On 9 December 2020, Greek Member of the European Parliament (MEP) Lefteris Nikolaou-Alavanos of the Non-attached Members posed a written parliamentary question to the European Commission:
“In Greece, the activities of football coaches are defined and regulated by law. The profession is open to graduates of physical education and sports faculties who have specialised the theory and practice of football coaching, as evidenced by their diplomas.
However, UEFA requires accredited football coaches to hold a UEFA Pro Licence. As far as Greece is concerned, his requires attendance at Greek Football Federation seminars lasting just a few days at a cost of between, EUR 750 and EUR 5000.
As a result, hundreds of university graduates are effectively being barred from working as football coaches in professional or amateur football clubs, notwithstanding the provisions of Article 3(d) of the UEFA Coaching Convention 2020 to the effect that the convention ‘is without prejudice to the right of a convention party to accept any national qualification or equivalent qualification recognised under national or European law for the purposes of domestic competitions or other coaching activities on its territory’.
National governments, the EU, FIFA and UEFA are treating football and sport in general as a money-spinner, which strongly colours their perception of what a professional coach is required to do.
In the light of this:
What view does the Commission take of urgent requests to make access to the profession of football coach conditional only on possession of a diploma, without requiring additional seminars, training or certificates and without the need to incur additional expenditure?”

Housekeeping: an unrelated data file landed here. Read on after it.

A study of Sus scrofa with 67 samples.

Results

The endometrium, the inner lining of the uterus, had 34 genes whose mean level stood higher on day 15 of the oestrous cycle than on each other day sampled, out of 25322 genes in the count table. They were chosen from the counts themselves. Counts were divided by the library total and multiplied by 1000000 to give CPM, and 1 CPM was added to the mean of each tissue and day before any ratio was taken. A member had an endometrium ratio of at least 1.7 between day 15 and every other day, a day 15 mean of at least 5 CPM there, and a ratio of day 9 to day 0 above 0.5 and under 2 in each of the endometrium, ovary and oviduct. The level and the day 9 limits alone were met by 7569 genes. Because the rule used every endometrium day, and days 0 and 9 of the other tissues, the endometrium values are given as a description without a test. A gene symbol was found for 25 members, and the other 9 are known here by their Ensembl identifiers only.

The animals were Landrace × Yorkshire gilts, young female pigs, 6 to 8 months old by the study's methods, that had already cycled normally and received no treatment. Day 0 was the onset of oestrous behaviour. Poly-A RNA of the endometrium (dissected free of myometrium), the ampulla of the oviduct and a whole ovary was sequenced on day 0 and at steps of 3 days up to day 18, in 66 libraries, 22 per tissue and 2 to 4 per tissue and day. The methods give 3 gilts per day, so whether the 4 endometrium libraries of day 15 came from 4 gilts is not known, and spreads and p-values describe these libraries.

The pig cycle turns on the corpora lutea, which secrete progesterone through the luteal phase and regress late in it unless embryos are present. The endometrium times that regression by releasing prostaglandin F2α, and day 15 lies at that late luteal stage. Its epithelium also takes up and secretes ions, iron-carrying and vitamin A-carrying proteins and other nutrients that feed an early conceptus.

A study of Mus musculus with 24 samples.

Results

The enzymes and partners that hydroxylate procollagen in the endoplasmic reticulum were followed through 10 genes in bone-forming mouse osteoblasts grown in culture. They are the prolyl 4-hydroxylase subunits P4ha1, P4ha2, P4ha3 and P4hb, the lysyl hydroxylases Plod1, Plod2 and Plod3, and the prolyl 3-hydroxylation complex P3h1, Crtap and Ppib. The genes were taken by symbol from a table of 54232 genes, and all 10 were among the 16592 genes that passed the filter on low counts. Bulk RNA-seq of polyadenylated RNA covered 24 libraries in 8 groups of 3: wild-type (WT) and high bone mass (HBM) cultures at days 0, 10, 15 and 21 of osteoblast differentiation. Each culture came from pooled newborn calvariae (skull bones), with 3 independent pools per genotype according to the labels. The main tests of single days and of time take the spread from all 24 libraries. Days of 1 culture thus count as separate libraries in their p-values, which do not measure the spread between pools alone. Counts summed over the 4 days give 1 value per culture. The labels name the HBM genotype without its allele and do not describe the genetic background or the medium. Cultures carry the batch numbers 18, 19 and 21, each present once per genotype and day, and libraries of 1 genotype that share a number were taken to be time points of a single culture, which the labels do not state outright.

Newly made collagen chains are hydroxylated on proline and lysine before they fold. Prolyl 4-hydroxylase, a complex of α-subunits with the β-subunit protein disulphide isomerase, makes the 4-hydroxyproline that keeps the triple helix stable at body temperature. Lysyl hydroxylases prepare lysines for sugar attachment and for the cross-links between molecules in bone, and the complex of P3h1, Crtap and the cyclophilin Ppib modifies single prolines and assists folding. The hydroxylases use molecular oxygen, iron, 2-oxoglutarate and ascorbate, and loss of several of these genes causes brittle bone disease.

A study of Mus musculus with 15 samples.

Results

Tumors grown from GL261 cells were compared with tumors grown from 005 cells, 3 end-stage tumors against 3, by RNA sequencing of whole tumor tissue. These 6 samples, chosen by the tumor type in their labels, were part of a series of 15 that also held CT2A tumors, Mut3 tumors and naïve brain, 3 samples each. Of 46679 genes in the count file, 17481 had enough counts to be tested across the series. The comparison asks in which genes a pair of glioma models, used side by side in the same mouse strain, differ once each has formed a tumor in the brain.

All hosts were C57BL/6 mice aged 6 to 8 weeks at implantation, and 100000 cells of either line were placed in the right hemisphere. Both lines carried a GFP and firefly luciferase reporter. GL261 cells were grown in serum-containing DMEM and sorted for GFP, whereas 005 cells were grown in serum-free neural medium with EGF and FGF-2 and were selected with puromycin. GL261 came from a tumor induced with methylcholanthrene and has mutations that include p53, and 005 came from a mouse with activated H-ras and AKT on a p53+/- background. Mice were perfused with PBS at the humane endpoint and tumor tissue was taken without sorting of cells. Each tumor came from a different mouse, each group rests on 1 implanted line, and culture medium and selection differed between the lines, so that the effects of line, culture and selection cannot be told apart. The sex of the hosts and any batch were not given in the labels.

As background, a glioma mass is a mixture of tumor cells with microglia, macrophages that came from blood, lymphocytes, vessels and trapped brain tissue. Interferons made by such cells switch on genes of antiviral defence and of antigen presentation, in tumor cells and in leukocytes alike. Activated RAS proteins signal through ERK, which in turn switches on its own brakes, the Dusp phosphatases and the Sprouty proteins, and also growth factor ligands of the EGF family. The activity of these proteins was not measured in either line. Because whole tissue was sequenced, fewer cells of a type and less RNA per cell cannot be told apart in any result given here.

On 3 February 2021, Internal Market Commissioner Thierry Breton responded on behalf of the European Commission stating: “In the absence of harmonisation on Union level, it remains under national competence to decide whether and how to regulate a profession, e.g., the level and type of training needed to access a profession or to exercise specific professional activities, within the limits of Union law and in particular the principle of proportionality.
In that respect, Member States may decide which specific qualifications may give a professional in its territory the right to access the profession of football coach and the type of corresponding activities that may be exercised.
Based on the available information, requirements for attending seminars, specific trainings and/or obtaining specific certificates in order to access the profession or specific professional activities do not seem to be disproportionate and contrary to Union law per se.”